Once I was witnessing to Don (not his real name) a friend of my sister-in-law. We were having an engaging dialogue about spiritual things. After I asked Don about his spiritual orientation, he said he leaned toward Hinduism, which was his parents orientation.
I asked Don if he wanted to experience nirvana, and he responded in the affirmative. In Hinduism and Buddhism, nirvana is the highest state that someone can attain, a state of enlightenment, devoid of suffering. Nirvana is a place of perfect peace and happiness, like heaven. And the way you attain nirvana is through reincarnation.
I explained to Don that it seemed to me that adherents to most religions desire to experience heaven, paradise, or nirvana. I asked him if he agreed with that statement, and he did. Then I quoted Jesus’ words from John 14:6, “I am the way, and the truth, and the life; no one comes to the Father but through Me.”
Then I said to Don, “One difference between your belief and my belief is simply the vehicle by which we get there (nirvana or heaven). You believe it’s through reincarnation. I believe it’s through faith in Jesus [the Incarnation]. Would you agree with that statement?” Don agreed.
In simple terms, I was attempting to connect with Don without compromising the gospel.
As we continue learning lessons from the Apostle Paul, he taught from 1 Corinthians 9:19-23 about this concept of connecting with people for the gospel’s sake:
For though I am free from all men, I have made myself a servant to all, that I might win the more; and to the Jews I became as a Jew, that I might win Jews; to those who are under the law, as under the law, that I might win those who are under the law; to those who are without law, as without law (not being without law toward God, but under law toward Christ, that I might win those who are without law; to the weak I became as weak, that I might win the weak. I have become all things to all men, that I might by all means save some. Now this I do for the gospel’s sake, that I may be partaker of it with you.
Corinth was a cosmopolitan, sin-filled city in the first century. The church Paul had founded there during his second missionary journey was made of Jews and Gentiles. In this section he focused on reaching people with a servant’s heart, with the goal of bringing them to the Lord.
Verses 19-20 read: For though I am free from all men, I have made myself a servant to all, that I might win the more; and to the Jews I became as a Jew, that I might win Jews; to those who are under the law, as under the law, that I might win those who are under the law;
How did Paul, a Jew, become “as a Jew” that he might win them to Christ? Well, in Acts 16:1-4, Paul actually circumcised Timothy (who had a Jewish mother and Greek father), so Timothy would have greater cache among the Jewish people, while also supporting Paul’s witness to them. For if he wasn’t circumcised, some may have assumed Timothy had renounced his Jewish heritage and had chosen to live now as a Gentile.
Even though Paul was no longer living under the law of Moses, you can be sure he kept kosher when in their presence so as not to make his Jewish brethren stumble. As a missionary to my Jewish people in New York City for years, I never ate traif (unkosher food) in public, so as not to offend those I desired to reach.
Verses 21-22 continue: to those who are without law, as without law not being without law toward God, but under law toward Christ, that I might win those who are without law; to the weak I became as weak, that I might win the weak.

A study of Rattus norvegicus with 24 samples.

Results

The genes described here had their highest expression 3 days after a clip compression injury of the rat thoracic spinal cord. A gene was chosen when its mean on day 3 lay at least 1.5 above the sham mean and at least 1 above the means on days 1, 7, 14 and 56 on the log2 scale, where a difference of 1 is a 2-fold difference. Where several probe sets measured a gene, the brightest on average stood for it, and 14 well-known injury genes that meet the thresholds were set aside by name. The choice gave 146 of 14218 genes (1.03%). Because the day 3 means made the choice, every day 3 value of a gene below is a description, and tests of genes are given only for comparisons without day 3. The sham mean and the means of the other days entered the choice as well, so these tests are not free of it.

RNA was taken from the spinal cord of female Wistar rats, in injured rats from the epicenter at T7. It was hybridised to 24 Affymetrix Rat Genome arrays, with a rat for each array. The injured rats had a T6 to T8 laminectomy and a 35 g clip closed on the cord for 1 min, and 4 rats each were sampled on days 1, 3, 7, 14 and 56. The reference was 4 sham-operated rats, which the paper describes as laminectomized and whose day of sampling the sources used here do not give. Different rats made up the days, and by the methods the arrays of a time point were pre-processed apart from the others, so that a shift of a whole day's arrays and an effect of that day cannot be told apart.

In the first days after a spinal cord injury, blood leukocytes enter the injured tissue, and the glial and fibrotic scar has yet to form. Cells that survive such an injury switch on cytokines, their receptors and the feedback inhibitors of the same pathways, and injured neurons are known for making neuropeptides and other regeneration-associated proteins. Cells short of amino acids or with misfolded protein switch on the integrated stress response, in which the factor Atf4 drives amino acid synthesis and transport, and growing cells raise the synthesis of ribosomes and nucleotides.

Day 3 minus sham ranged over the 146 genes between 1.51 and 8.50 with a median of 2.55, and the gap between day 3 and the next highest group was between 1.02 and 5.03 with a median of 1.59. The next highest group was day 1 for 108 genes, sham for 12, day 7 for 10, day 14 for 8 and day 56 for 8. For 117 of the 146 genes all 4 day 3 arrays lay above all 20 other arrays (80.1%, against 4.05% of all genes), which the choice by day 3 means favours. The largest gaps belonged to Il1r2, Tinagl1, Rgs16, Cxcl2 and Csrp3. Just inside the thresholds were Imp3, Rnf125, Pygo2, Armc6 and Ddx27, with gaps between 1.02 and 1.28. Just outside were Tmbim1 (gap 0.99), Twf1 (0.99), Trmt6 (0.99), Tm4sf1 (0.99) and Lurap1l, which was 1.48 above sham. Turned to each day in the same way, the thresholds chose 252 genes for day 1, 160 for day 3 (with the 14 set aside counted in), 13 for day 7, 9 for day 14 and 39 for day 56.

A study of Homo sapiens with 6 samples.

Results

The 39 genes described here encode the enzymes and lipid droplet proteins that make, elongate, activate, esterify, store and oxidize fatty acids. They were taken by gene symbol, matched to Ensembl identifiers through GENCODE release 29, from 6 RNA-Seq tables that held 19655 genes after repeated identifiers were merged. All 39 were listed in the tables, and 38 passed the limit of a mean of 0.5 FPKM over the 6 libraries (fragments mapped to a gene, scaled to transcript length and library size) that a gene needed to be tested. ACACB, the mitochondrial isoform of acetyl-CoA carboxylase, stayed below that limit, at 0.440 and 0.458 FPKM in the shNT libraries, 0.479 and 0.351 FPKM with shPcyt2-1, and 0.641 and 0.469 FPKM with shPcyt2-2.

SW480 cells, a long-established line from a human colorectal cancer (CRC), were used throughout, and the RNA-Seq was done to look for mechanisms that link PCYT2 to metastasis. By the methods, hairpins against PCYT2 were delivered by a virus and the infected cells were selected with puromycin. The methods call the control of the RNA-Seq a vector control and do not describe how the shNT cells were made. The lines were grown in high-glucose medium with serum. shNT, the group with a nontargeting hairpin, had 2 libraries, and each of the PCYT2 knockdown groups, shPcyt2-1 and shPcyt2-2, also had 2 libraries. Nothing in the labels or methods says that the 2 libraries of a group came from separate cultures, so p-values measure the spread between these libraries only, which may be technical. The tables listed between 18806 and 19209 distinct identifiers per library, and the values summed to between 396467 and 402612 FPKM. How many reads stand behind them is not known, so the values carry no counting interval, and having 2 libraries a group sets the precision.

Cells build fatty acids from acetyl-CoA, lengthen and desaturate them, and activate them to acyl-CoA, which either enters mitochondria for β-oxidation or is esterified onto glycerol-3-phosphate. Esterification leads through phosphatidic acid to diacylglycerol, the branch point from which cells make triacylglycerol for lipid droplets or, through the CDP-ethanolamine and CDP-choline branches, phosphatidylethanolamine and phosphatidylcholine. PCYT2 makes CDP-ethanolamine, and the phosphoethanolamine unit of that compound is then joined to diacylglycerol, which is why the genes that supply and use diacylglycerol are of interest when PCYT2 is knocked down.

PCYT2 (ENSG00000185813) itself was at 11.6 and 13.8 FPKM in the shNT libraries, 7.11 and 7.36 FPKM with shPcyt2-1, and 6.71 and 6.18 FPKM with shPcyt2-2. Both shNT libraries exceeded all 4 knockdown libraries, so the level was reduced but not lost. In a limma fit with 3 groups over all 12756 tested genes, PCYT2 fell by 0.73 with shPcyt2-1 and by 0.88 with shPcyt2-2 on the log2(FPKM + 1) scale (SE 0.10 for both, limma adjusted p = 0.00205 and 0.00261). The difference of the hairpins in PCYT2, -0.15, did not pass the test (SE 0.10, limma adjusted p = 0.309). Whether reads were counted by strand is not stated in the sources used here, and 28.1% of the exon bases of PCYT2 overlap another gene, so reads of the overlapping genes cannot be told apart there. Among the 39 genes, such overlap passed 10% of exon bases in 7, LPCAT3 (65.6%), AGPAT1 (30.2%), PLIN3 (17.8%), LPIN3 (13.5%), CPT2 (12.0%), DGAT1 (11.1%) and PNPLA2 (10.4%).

Those “without the law” referred to the Gentiles who didn’t have the law of Moses. Paul, a Roman citizen and God’s chosen vessel to bring the gospel to the Gentile world, understood how to connect to this audience without compromising the gospel.
For example, in Acts 17 on Mars Hill, Paul addressed pagans and philosophers by speaking their language—finding points of connection before communicating gospel distinctives:
“Men of Athens, I perceive that in all things you are very religious; for as I was passing through and considering the objects of your worship, I even found an altar with this inscription:
TO THE UNKNOWN GOD.
Therefore, the One whom you worship without knowing, Him I proclaim to you.” – Acts 17:22-23
Here, Paul didn’t tell them he worships the same pagan idols they do, but rather he connected with them by telling them he is a fellow worshipper—for all men are created to worship. The Apostle then proceeded to distinguish the object of His worship as opposed to theirs as he elaborated in Acts 17:24-28.
Verse 24 provides the culmination of this section:
“I have become all things to all men, that I might by all means save some. Now this I do for the gospel’s sake”
Paul’s attempt to connect with people where they are for the gospel’s sake without compromising the truth is a noble example. How this applies to our lives today will be different for each of us in our unique situations. Yet, in short, Paul is what I might coin ‘leveling the playing field’ in becoming all things to all men for the gospel’s sake.
Once a young homosexual man I was friends with, knowing I was a Christian minister, asked me if I thought homosexuality was wrong. I responded by saying the Bible has more verses about heterosexual sin than homosexual sin. He was shocked. I added that God clearly stated in the Bible that any sexual activity outside marriage between a man and a woman is sinful. I closed with the reality that all of us are sinners in need of a Savior—that’s why Jesus came. Then I proceeded to share the gospel.
This young man was not offended by what I said. He actually listened and found my explanation compelling. I had responded to his original inquiry so as not to condemn him, but rather to connect with him.
As we seek to reach people for the gospel’s sake, may the Lord help each of us in every situation to connect with people without compromising the truth!